Pasadena Learning Gardens

Resourcing communities to create a healthier more sustainable future

Why We Eat What We Eat – And How We Got Here


It seems that back in the days when generations of people stayed close to home, that microorganisms in the soil that facilitate nutrient uptake in plants, the plants themselves, and the microorganisms in animals and us, co-evolved in a way that created a system that worked amazingly well – turning solar power and carbon dioxide into the energy that feeds life, and that we’ve found hundreds of ways to break this system and still continue in this way.

For thousands of generations humans grazed and ate off the land. Things began to change long ago with the advent of agriculture and animal husbandry. More food was easily and regularly available. Ultimately, the delicacies of sweet and fat, which previously had been consumed very lightly by humans simply because of their rarity, were now being consumed at greater rates.

More recently, things got much worse for several reasons. First, advances in agriculture dramatically increased the food supply, driven mostly by chemical fertilizers. After World War II, the chemical industry put to work its vast nitrogen production capacity making fertilizer, yielding much more food than we really needed.

Michael Pollan notes that around the same time our main source of food and nutritional direction, our culture (a.k.a. mom), started to lose control of the kitchen. The basic diet from most cultures, which seemed to work pretty well, consisted primarily of locally produced, fresh and non- or lightly processed foods. But processed food manufacturers, promising more and tastier food at lower prices, took over, bringing us the Western Diet, with its heavy consumption of processed and chemically laced food. Along with it came an unacceptable increase in many of the biggest health issues we face today. As Pollan contends, we don’t know enough about how our body uses the complex combinations of food each of us chooses to consume, and traditional diets, regardless of being protein, fat, or carbohydrate dominated, do not lead to many of these health issues.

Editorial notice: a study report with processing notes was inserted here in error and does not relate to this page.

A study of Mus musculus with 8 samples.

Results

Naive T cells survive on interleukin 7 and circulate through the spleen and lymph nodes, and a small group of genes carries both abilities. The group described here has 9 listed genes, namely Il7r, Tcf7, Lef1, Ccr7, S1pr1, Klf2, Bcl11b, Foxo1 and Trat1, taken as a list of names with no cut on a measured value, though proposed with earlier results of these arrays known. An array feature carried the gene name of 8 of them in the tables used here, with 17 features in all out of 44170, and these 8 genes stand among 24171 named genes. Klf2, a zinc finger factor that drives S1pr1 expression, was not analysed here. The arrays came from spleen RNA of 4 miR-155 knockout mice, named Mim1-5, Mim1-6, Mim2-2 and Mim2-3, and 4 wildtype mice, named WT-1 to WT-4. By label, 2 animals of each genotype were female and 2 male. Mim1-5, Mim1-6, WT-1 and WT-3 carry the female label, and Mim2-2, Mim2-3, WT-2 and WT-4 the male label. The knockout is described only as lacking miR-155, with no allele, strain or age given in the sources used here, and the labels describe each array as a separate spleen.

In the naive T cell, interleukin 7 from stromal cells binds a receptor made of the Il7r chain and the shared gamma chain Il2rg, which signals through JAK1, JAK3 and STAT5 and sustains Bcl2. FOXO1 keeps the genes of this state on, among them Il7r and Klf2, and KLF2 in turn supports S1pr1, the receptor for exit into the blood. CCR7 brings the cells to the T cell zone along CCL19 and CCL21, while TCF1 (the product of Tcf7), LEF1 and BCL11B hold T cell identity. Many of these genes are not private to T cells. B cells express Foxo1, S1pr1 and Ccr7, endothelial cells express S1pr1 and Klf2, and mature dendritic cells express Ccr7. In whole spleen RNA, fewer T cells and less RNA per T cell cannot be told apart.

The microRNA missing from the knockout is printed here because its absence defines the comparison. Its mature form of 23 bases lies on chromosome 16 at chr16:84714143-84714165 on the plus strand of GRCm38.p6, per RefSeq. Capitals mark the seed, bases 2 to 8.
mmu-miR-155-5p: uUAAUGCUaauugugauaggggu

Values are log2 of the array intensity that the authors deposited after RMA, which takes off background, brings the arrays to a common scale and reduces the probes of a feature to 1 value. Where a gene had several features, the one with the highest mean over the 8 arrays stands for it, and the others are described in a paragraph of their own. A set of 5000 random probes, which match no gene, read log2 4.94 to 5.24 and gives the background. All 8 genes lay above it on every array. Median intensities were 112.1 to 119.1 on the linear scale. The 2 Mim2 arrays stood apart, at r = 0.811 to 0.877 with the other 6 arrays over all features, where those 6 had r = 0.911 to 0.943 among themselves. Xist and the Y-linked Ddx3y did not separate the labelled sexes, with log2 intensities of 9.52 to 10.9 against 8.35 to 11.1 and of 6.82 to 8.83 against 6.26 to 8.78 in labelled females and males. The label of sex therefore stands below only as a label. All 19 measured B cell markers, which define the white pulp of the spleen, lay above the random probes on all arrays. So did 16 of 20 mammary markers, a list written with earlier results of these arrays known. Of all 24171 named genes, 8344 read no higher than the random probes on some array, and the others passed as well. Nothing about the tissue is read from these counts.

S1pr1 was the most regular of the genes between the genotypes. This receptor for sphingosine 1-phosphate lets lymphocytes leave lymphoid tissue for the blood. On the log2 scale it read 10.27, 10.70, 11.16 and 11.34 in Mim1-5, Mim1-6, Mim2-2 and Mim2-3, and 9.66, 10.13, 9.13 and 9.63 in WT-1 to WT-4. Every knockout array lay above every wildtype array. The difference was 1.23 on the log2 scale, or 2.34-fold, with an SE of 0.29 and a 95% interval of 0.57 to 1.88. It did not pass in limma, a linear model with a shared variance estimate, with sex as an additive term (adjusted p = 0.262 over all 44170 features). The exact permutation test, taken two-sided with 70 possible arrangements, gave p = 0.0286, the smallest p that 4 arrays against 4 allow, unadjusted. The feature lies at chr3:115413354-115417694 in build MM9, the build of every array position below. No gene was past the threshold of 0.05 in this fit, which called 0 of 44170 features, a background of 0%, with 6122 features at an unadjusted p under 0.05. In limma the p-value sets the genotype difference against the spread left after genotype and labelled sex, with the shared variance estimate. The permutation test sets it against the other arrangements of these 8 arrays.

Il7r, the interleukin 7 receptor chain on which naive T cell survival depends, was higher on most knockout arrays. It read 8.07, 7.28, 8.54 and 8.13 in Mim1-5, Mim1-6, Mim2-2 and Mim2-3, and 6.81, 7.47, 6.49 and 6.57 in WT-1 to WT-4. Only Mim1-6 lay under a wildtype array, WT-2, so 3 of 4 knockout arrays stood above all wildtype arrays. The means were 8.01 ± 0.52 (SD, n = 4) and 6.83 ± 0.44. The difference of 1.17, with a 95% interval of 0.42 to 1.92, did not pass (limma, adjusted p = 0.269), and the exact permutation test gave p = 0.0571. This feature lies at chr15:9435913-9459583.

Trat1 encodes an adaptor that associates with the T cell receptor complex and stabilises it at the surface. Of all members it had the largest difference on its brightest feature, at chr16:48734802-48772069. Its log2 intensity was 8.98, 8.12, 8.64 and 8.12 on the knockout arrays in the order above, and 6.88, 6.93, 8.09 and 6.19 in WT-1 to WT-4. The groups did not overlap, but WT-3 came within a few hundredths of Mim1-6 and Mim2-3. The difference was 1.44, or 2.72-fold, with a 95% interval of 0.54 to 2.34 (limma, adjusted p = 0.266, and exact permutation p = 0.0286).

Michael Moss, author of Salt Sugar Fat, points out that post WWII, more women in the workforce meant less time to prepare traditional healthy and nutritious meals at home. The processed food industry and fast food restaurants were there to help by providing greater convenience.

In the 1960s and 1970s, counter-productive federal government farm policies created a boon in many commodity crops including corn, wheat and soybeans. Subsidies on several key ingredients resulted in ridiculously low commodity prices. Food manufacturers found that by tinkering with formulations by adding ever-increasing amounts of inexpensive sweeteners, fats and salt, they could pump sales and profits. Most importantly, they could achieve the “bliss point” in their products, the point at which optimal levels of these low cost, nutritionally devoid ingredients could create addiction.

It’s also important to note that there are many sociological and psychological reasons we eat unwisely. HealthPages.org – Why We Eat What We Eat describes six major influencers of our food choices: social situations; economic situation; ethnic background; emotional state; eating from habit; and physical health. By becoming more aware of these influences, you can begin to control them.

All in all, this is not a pretty picture. We’re now faced with a massive public health crisis unlike anything the world has ever seen with the potential to bankrupt our economy. There’s much more to this story. Check out Michael Pollan and Michael Moss for fascinating reading on this subject.